Jan 19, 2009

In comments filed last week with the Food and Drug Administration, IDFA agreed that agency guidance regarding allergen advisory statements, such as "may contain" statements, would be useful to the industry and consumers, as long as it remains flexible and voluntary. IDFA also encouraged FDA to conduct an allergen risk assessment to establish tolerance thresholds based on science that could be trusted and used by both the food industry and consumers.

"A consistent approach would allow consumers to understand the messages they see on the food labels," the comments state. "However, it's important that the guidance be flexible enough to allow for truthful statements that appropriately characterize the potential presence of allergens in a food or beverage."

FDA currently is developing a long-term strategy to help manufacturers use allergen advisory labeling that will convey a clear and uniform message and provide adequate information to consumers with food allergies. As part of the process, FDA issued a call for comments and held a public hearing last September to learn how manufacturers currently use advisory labeling for allergens and how consumers interpret different types of advisory labeling statements.

Many processors voluntarily use advisory labels on food products that don't intentionally contain allergenic ingredients but could contain allergenic protein as a result of cross contact in the plant. FDA, however, is concerned that current advisory statements might not be useful or appropriate. In the call for comments, the agency cited recent research findings that show many people with food allergies are increasingly ignoring advisory labeling and risking their health as a result.

IDFA believes that establishing threshold levels, along with analytical testing methods that could be validated by FDA or another authoritative body, would make the advisory statements more effective.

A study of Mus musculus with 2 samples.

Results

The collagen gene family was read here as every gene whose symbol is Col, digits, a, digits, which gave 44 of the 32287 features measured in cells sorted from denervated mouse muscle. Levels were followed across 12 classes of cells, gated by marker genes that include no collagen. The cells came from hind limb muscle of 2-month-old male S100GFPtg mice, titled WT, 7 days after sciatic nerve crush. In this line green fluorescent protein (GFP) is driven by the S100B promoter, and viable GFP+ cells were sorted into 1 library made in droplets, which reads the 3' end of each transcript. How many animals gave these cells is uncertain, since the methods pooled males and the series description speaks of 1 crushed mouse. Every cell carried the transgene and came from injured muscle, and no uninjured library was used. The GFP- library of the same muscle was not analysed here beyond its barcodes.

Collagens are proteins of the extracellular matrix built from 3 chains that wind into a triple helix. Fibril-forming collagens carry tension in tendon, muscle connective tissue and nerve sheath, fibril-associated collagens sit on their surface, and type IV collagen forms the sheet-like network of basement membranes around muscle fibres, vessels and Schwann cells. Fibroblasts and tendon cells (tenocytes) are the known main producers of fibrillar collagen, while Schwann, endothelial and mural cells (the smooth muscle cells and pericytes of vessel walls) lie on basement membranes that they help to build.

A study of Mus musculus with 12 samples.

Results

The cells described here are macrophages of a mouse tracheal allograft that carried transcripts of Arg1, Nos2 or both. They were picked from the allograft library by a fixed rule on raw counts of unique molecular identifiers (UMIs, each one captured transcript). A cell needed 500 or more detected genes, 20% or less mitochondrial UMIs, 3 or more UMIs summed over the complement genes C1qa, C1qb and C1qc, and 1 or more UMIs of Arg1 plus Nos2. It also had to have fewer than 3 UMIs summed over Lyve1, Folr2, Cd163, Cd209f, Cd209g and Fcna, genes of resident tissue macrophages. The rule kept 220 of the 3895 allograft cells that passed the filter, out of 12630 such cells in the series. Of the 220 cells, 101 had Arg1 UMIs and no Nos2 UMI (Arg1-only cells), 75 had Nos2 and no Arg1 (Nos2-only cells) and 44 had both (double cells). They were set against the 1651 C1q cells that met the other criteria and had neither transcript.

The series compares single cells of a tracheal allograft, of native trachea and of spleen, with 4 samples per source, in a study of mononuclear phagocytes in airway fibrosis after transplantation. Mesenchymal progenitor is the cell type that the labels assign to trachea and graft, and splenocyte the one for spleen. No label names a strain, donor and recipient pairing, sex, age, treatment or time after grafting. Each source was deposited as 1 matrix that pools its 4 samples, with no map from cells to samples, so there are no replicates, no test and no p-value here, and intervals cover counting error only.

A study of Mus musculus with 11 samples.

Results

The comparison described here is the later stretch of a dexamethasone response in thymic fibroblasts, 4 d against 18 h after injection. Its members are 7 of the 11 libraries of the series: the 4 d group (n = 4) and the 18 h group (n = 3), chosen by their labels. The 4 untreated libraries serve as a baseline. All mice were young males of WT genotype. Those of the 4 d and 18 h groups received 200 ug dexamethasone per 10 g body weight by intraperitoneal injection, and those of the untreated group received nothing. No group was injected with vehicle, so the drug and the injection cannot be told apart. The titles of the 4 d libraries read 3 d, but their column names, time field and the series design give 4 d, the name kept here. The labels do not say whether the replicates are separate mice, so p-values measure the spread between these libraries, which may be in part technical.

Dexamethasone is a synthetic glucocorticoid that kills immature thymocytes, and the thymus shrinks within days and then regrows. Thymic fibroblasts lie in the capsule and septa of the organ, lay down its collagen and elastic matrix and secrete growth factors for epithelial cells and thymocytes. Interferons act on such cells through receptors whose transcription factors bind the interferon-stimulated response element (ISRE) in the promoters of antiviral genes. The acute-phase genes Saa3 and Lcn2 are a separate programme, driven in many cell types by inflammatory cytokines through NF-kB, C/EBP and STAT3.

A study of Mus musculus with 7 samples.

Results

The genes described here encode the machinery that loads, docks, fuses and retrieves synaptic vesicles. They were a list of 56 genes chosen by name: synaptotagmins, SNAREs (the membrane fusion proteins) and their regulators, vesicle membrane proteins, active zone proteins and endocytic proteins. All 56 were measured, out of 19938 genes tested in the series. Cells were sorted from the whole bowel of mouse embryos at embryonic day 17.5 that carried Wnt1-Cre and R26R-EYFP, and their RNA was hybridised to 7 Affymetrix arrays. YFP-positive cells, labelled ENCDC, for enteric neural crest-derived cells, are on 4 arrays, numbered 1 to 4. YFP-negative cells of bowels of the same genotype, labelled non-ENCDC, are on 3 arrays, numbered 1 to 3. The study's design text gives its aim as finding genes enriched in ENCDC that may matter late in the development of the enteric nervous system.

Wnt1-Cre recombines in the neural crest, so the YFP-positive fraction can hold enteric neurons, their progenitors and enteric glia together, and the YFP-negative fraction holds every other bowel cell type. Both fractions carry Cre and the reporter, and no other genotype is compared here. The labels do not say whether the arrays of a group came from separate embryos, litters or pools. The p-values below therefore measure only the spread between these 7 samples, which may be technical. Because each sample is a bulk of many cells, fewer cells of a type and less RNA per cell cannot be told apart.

"Currently, without thresholds, there is a zero tolerance for allergenic protein, and ingredients are being labeled or eliminated at significant cost with an unknown health benefit," the comments state. "If thresholds were set that defined the levels at which advisory statements should be made, this would allow companies to make the most accurate and useful statements for their consumers."

The Food Allergen Labeling and Consumer Protection Act of 2004 (FALCPA) mandates allergen labeling for all labeled products containing any of the eight major food allergens: milk, eggs, fish, crustacean shellfish, tree nuts, wheat, peanuts and soybeans. These foods account for 90 percent of all food allergy reactions. In addition to requiring labeling, the act also directed FDA to study the use of advisory statements for food allergens.

IDFA worked with members of its Allergen Task Force to develop the comments. For more information, contact Michelle Matto, IDFA assistant director of nutrition and labeling, at or 202-737-4332.